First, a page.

ISBN-13: 978-0226522081 ISBN-10: 0226522083 Edition: 0th


  • Hardcover: 376 pages
  • Publisher: University Of Chicago Press (December 15, 2008)
  • Language: English
  • ISBN-10: 0226522083
  • ISBN-13: 978-0226522081
  • Product Dimensions: 9.1 x 6.3 x 1.2 inches
  • Shipping Weight: 1.4 pounds (View shipping rates and policies)
  • Average Customer Review: 5.0 out of 5 stars  See all reviews (2 customer reviews)
  • Amazon Best Sellers Rank: #2,641,624 in Books (See Top 100 in Books)

Editorial Reviews

Review

“Just when it seemed as if there was nothing more to say about fear, terror, and emergency after 9/11, this original diagnosis and bracing call for a reassertion of the powers of citizenship offers a restorative work of democratic theory. Assertive and insistent, the eloquence of Civic War and the Corruption of the Citizen compels attention and demands an active response.”

(Ira Katznelson, Columbia University)

“This is among the most important analyses that I’ve seen of what has happened to politics in the wake of the September 11 attacks. No other thinker has so clearly articulated how both terrorism and the response to it threaten democracy by suppressing contentious political speech. Meyers’s argument is timely, impressively learned, and compelling.”

(Craig Calhoun, President of the Social Science Research Council)

“After September 11, 2001, U.S. politicians embraced the rhetoric of war as a substitute for politics. Armed with 2,500 years of the European philosophical tradition, epigrammatic prose, and fiery detachment, Peter Meyers slays the monsters our sleep of reason brought forth. In its brilliant exposition of the duty of the citizen to exercise informed judgment in the collective self-defense, Civic War and the Corruption of the Citizen is a remarkable addition to the literature of civic engagement.”
(John Brady Kiesling, author of Diplomacy Lessons)

"A satisfying explanation of how politics in America since 9/11 fit into the larger political culture of the past half century. . . . Meyers' insights offer a helpful guide to our democratic challenges as we attempt to move beyond the fear-inducing rhetoric and policies of the War on Terror."—Contexts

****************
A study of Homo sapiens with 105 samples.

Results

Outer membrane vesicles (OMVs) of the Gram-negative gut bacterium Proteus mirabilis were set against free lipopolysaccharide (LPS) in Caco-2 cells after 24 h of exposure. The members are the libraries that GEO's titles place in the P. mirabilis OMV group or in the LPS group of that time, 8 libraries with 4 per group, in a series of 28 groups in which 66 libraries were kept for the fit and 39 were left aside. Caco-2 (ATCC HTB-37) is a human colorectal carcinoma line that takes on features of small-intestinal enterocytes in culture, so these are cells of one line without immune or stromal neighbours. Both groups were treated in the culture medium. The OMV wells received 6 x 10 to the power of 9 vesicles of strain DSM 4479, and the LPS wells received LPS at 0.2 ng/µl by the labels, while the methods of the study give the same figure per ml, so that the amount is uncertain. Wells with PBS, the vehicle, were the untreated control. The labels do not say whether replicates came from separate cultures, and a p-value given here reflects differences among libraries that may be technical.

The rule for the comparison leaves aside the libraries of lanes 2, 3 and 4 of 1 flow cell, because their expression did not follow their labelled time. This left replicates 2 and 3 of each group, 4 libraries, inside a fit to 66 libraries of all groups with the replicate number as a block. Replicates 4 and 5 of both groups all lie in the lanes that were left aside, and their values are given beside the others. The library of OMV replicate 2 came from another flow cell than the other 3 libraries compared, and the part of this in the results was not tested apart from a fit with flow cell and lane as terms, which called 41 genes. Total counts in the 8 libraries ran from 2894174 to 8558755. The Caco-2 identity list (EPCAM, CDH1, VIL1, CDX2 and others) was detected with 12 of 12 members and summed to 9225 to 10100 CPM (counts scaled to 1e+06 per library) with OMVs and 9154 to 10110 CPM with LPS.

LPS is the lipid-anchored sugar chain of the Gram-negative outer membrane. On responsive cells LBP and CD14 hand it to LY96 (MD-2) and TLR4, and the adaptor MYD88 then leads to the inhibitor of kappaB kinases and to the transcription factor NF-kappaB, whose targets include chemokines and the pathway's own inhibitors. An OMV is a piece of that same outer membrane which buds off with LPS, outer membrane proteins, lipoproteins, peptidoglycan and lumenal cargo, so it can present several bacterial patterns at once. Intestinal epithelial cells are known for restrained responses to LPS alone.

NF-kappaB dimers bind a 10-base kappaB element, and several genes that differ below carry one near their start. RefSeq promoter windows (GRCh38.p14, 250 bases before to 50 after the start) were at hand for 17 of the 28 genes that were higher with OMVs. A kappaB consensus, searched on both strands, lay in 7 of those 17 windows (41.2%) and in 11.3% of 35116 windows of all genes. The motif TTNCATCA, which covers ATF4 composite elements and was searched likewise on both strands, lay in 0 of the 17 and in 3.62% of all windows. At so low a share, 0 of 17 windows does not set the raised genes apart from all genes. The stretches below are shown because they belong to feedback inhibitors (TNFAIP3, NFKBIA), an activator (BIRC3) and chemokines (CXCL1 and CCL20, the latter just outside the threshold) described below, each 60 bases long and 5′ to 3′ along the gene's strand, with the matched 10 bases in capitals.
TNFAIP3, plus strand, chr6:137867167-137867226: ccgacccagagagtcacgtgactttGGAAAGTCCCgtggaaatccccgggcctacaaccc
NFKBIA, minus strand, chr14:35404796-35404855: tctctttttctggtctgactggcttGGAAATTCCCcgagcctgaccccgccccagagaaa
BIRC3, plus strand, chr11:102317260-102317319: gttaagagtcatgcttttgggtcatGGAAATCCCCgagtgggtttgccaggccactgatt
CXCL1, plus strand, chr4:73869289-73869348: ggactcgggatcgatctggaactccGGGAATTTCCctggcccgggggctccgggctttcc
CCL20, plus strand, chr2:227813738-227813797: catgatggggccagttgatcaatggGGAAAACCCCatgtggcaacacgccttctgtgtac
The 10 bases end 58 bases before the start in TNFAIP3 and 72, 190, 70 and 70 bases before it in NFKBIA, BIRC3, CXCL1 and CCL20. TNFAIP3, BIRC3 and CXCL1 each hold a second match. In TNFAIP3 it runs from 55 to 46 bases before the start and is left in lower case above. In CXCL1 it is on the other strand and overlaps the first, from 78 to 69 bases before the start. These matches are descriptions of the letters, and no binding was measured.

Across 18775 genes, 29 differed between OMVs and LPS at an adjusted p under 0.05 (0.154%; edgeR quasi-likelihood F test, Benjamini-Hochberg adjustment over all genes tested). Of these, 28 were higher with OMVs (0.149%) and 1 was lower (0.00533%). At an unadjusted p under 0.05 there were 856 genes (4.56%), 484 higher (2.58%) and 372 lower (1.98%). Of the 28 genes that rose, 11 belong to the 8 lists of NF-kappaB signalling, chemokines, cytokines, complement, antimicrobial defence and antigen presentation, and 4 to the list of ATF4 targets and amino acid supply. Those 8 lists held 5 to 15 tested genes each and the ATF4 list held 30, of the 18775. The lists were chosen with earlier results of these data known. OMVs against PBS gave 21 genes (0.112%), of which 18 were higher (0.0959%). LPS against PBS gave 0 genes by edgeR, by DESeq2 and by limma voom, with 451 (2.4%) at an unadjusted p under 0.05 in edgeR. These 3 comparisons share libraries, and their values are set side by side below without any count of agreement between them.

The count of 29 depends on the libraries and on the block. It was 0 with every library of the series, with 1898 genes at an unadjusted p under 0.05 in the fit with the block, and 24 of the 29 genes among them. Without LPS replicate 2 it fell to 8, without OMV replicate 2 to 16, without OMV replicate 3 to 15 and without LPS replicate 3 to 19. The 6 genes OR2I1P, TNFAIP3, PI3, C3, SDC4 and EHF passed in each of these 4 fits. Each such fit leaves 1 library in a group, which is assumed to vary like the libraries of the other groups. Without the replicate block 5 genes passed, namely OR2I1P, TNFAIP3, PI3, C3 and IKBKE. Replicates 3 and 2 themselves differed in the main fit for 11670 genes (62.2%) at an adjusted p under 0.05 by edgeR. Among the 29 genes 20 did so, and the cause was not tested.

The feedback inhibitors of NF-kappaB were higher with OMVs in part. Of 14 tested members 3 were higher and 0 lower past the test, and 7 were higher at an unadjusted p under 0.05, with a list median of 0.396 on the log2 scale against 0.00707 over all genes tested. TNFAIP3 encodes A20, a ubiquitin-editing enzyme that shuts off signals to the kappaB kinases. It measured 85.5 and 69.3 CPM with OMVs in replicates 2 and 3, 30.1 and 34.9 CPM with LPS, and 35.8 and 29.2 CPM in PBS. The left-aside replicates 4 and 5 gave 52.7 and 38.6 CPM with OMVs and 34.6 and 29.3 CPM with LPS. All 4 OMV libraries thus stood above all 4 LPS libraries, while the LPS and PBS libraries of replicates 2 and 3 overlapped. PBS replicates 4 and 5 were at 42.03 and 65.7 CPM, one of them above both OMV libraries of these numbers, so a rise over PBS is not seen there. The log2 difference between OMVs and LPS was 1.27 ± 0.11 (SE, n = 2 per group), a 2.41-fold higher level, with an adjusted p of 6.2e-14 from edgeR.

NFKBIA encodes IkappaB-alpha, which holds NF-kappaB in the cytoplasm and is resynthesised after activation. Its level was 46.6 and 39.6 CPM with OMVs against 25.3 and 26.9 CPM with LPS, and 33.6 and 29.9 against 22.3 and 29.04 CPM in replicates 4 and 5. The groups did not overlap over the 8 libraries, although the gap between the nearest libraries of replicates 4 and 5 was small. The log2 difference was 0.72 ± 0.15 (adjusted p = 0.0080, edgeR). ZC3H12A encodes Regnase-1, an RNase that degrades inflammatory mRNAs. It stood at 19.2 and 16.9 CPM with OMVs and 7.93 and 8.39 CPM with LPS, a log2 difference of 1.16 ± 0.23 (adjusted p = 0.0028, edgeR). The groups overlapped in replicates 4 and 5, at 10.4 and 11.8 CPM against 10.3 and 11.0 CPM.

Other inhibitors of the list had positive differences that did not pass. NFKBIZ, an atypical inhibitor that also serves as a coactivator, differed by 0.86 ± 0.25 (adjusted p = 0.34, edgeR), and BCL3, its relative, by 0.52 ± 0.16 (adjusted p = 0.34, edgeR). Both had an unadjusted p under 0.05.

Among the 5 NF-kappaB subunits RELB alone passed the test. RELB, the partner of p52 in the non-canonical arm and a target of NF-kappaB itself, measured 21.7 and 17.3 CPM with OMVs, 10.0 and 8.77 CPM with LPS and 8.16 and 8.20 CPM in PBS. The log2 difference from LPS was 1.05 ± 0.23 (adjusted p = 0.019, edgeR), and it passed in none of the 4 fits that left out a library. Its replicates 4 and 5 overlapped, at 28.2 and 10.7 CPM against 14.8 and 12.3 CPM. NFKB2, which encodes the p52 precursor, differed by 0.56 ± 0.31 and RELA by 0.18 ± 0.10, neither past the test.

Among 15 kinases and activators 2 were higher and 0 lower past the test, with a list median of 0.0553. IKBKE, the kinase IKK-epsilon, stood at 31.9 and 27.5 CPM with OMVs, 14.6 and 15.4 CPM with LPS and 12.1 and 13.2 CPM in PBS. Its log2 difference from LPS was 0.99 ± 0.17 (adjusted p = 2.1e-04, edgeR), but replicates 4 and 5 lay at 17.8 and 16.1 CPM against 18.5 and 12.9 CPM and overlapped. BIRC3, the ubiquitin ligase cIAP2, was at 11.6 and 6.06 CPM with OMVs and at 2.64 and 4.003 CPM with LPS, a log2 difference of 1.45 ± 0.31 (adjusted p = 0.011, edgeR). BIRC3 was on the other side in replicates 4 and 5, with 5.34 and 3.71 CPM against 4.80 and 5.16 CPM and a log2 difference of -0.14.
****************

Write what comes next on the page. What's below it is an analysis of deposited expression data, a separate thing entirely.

(Andrew M. Lindner Contexts)

About the Author

Peter Alexander Meyers is professor of American Studies at the Sorbonne Nouvelle in Paris and is presently a visiting researcher in the School of Historical Studies at the Institute for Advanced Study in Princeton.

Format: Hardcover
A brilliant and important book with a profound knowledge of history underpinning remarks on the Bush administration and influences on present-day citizens. This book ranges across the disciplines of psychology, political science, sociology, philosophy, literature and yet is well-written for a general, serious-minded audience. His opening description of a reaction to the 9/11 attack is remarkable.
Format: Hardcover Verified Purchase
But it's exciting. Yes of course it is non-fiction, not even a true story as fascinating as fiction. It seems important. I've no idea what I'll think after I'm even half-way into it. But so far....

Written, maybe deliberately, maybe that's just how the author lectures, in a kind of 18th or 19th century way, Citizen is always capitalized, for instance, and I expect that Tom--Paine or Jefferson-- would have few quibbles as to the style.

Some of what has captured me.

Monocracy as the opposite of democracy (and how the idea that our culture was shaped under kings led us to think that democracy was everything--it's not, think tyranny of the majority.

And how "at war" means something quite different for us than, say, for people living in the CSA during the Civil War. We claim the status, but....

"Publicity, not liberty in the abstract, is therefore the essential mode for balancing the powers"

And the longish section on 9-11, that a previous reviewer has mentioned. He says that FEAR comes after SHOCK. I'd never thought of that before, but he could be right. Both can immobilize one, though.